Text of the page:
The first tram train for the Sheffield – Rotherham Tram Train Pilot was unveiled in December 2015 at Sheffield. Image courtesy of SYPTE.
The tram trains can operate in both AC 25kV overhead line equipment (OHLE) of Supertram's network and DC 750V OHLE of Network Rail’s network. Image courtesy of SYPTE.
The tram trains are scheduled to enter service in 2017 on a pilot basis. Image courtesy of SYPTE.
Vossloh was awarded the rolling stock contract for the project in June 2013. Image courtesy of SYPTE.


The Sheffield-Rotherham Tram Train Pilot project involves the construction of seven tram trains and associated infrastructure between Cathedral tram stop in Sheffield and Parkgate Retail Park in Rotherham, UK. The tram trains will be capable of operating on the existing Stagecoach Supertram light rail and Network Rail’s heavy rail networks.

"The project will test the feasibility of operating the tram train system in the UK."

The project will test the feasibility of operating the tram train system in the UK. The rolling stock on the proposed lines will be tested in 2016 and three tram train services an hour will be introduced on a pilot basis between early 2017 and 2019, with permanent operations to be introduced subsequently based on the results from the pilot project.

The project is being developed by South Yorkshire Passenger Transport Executive (SYPTE) in collaboration with the UK Department for Transport (DfT), Network Rail, Northern Rail and Stagecoach Supertram. Stagecoach Supertram has been contracted by SYPTE to be the operator.

The pilot project is expected to generate 35 jobs. The journey time to reach both ends is estimated to be 25min.

Background to the UK’s tram train pilot project

The DfT first identified the potential use of the tram-train technology in its Rail Technical Strategy, published in July 2007. The UK’s tram train pilot project was conceptualised by the DfT, Network Rail and Northern Rail in 2009 and the project idea was endorsed at a major workshop conducted in May 2011.

The DfT approved the project in May 2012 and the contracts between the project partners in June 2013.

Sheffield-Rotherham Tram Train Pilot project details

In addition to the construction of the tram-trains, the project includes the preparation of the existing Stagecoach Supertram tracks to accommodate the new rolling stock, construction of the 150m-long Tinsley Chord – the track to link the tram network to the heavy rail network, and electrification of the Tram Train network.

The proposed route starts from the Cathedral tram stop in Sheffield to Meadowhall South on the Supertram network, extends to Tinsley Chord and further connects with the national rail network, and finally leads to Parkgate Retail Park in Rotherham via Rotherham Central station.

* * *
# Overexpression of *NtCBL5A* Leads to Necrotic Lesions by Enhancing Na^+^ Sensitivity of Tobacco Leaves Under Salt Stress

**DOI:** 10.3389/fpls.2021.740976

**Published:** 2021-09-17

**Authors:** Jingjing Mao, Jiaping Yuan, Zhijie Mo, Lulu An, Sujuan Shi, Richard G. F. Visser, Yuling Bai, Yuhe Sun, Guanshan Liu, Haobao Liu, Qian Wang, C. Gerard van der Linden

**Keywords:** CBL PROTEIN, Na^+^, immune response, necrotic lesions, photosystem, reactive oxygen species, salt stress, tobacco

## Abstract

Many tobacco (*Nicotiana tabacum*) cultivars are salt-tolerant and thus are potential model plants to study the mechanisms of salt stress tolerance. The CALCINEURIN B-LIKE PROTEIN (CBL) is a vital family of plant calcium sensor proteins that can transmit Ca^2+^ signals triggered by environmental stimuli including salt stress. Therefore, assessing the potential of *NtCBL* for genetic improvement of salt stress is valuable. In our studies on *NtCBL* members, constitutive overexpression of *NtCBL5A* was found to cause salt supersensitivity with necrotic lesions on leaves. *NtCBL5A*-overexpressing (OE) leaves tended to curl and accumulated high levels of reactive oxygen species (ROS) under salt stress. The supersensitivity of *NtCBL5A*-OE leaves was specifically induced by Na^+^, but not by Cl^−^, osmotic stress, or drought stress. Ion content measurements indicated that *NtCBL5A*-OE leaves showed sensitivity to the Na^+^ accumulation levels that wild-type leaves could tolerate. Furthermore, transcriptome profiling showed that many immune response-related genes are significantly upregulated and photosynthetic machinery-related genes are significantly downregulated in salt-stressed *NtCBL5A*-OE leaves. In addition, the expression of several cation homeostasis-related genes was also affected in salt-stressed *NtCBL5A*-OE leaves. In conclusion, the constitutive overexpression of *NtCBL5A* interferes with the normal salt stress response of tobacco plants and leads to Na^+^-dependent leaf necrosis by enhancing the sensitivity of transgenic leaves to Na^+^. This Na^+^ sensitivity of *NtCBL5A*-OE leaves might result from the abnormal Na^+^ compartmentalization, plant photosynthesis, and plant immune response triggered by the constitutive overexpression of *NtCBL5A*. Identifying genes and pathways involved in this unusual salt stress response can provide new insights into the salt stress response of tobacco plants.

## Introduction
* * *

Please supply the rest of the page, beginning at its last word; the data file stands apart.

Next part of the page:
The project will also involve the construction of new platforms at Rotherham Station and Parkgate, and extension of those at the Rotherham Central Station. The Nunnery Square Stagecoach Supertram depot, where the new tram-trains will be based, is currently being expanded.

Design and features of the tram trains

SYPTE ordered for the seven tram trains from Vossloh in June 2013. The trams are being constructed at the latter’s manufacturing facility in Spain. The first tram-train was completed in December 2015.

The fleet is equipped with Vossloh Kiepe’s modern traction systems, enabling them to operate in both 25kV AC overhead line equipment (OHLE) of Supertram’s network and 750V DC OHLE of Network Rail’s network.

The bi-directional three-car tram train is 37.2m-long and 2.65m-wide, has a height of 3.6m, and provides a low-floor entrance height of 425mm. Four double doors are featured on each side.

The tram-train has a maximum service speed of 100km/h and a maximum design speed of 110km/h. With a power output of 870kW, the train is designed to adapt on a 1,435mm gauge, and negotiate a minimum horizontal curve radius of 22m and a minimum vertical curve radius of 165m. It can accommodate up to 98 seating passengers and 140 standing passengers.

The tram-train is equipped with pneumatic secondary suspension system, a flange wheel lubrication device, an anti-slip and anti-slide system, hydraulic and electromagnetic braking systems, two auxiliary converters, and air-conditioning in the cabin and passenger areas.

A passenger counting system and closed-circuit television (CCTV) system are installed for safety. The train is designed to fully comply with EN 12663 P-III and EN 15227 C-III crashworthiness standards.


The overall investment in the project is estimated to be £60m ($89m approximately). It is being financed with a £51m ($76m approximately) grant from the DfT and a £150,000 ($223,802 approximately) grant from the South Yorkshire government.